Prompt: “Now that I have finished the section Montaigne, would I read any more of his essays? Why or why not?”
Montaigne certainly had a way with aphorisms. There are many skillful and wise quotes from him, the only issue is you really have to dig to find them. Montaigne tended to be a bit longwinded, sometimes ruining his own aphorisms by over explaining them. This by no means made him a bad writer, but it did make his works hard to follow. Very hard to follow at times. Because of this, personally I wont be reading any more of his works. This is only because I don’t have enough free time to examine and interpret some of Montaigne’s more oblique essays. But, for example if I were a college student studying English I would be overjoyed to find a collection of essays as detailed as Montaigne’s.
Montaigne said that he had a bad memory, but this was by no means the case. He gave so many historical examples, quotes from ancient scholars, and arguments from times long forgotten that his memory must have been as sharp as a steak knife. But, having an enormous tower solely dedicated as his own personal library may have also helped. What tends to lose readers of Montaigne is that he wasn’t well organized. Some of his essays would be pages upon pages long, while others would only be a few paragraphs. He would go into immense detail of a topic, but then cut it short and not give a proper conclusion. Unless a reader is specifically interested in seeing Montaigne’s thought process, reading a three paragraph essay and then being confronted by a forty page essay can be a little intimidating.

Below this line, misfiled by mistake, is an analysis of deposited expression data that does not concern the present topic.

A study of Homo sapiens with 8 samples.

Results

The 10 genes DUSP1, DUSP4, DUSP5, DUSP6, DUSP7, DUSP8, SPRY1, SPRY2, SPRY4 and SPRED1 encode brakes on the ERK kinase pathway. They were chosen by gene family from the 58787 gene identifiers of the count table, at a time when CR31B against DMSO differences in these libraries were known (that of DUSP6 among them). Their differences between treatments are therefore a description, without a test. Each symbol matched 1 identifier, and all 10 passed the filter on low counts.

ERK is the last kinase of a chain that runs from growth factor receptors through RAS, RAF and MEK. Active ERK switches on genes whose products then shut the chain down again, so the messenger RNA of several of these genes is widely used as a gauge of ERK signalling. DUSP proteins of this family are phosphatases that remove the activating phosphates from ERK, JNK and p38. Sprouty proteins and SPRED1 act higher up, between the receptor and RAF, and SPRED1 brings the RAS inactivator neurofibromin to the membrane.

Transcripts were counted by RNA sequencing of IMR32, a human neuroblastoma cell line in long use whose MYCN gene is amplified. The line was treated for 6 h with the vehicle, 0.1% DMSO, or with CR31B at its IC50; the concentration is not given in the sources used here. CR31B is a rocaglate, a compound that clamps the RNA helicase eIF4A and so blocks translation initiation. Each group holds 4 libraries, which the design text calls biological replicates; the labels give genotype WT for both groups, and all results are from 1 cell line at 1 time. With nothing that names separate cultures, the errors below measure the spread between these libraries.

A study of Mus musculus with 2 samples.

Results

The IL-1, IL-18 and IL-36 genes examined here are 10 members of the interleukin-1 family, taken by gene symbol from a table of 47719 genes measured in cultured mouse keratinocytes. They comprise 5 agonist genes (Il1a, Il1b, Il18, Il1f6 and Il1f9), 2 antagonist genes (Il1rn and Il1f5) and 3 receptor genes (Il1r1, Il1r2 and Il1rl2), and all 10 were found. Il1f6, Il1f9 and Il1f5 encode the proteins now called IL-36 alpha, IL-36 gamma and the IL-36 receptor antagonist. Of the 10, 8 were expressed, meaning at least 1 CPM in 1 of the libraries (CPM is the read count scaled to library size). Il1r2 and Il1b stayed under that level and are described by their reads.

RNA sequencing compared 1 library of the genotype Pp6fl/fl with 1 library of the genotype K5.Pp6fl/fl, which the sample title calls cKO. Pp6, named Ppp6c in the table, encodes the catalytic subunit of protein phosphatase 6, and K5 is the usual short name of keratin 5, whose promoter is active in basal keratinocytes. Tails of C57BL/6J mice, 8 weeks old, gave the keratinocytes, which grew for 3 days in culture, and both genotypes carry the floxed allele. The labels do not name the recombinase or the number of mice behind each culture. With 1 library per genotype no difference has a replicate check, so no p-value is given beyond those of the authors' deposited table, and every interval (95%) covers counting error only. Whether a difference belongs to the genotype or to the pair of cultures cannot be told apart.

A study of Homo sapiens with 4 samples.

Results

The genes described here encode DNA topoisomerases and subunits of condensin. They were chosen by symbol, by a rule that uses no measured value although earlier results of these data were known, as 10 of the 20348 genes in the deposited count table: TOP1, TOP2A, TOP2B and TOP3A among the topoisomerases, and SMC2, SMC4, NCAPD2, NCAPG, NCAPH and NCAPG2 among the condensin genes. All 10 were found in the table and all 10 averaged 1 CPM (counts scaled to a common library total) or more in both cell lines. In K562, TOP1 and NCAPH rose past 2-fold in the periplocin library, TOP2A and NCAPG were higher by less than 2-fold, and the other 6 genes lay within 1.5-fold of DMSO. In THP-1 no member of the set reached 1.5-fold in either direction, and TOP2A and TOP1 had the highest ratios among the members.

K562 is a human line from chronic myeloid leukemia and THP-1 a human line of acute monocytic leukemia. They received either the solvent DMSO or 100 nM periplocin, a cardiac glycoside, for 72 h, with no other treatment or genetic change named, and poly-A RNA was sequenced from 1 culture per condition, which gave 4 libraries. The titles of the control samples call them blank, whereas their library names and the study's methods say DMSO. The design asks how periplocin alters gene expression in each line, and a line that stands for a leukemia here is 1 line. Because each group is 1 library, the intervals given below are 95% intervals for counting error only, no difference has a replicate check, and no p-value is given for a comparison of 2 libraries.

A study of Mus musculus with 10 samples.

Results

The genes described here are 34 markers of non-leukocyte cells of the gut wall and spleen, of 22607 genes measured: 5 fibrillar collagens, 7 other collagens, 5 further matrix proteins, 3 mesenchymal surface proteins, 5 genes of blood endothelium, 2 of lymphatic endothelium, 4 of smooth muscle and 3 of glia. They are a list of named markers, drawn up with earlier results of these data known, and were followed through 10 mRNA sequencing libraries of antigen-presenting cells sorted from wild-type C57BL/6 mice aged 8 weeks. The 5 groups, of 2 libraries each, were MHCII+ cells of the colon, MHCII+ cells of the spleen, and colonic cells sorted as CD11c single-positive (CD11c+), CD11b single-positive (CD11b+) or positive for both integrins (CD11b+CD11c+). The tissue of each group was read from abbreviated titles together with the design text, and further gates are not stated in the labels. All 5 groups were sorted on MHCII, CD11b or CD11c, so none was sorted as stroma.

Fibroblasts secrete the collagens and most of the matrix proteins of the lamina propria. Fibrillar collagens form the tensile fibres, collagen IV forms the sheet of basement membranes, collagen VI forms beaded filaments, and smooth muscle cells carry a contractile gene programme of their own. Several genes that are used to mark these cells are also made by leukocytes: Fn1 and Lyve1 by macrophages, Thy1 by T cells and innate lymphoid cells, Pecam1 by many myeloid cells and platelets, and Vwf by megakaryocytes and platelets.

Montaigne was a skeptic, so much so that he was skeptic of skepticism. He believed that things such as monsters and miracles should not be held at face value, but also should not be flat up denied as false. From Montaigne’s view being open minded, but also asking questions and using logic is the only way we can evolve ourselves.
One of Montaigne’s most popular essays is named “Of Cannibalism”. It was the original idea behind the noble savage myth. It tells of a tribe of natives, the “savages” in question. They preformed mass cannibalism, but not because of hunger. They ate one another in the name of victory and glory. Because they would consume every part of their societies defeated, instead of imprisoning or torturing them (the way Europeans of the time did), Montaigne described them as more civilized and less wasteful than Europeans. This posed an existential problem on the minds of the time. Subjects like this, the way Montaigne described them, and the questions he left readers to think about are the reasons his name is still somewhat known today.
In conclusion, Montaigne was the true father of essays. His only issue is holding the readers attention through all of his long drawn out ideas. But if you are looking for a detailed example of a mans passion, and the ideas he was able to record throughout his lifetime; than Montaigne’s essays may be a perfect fit.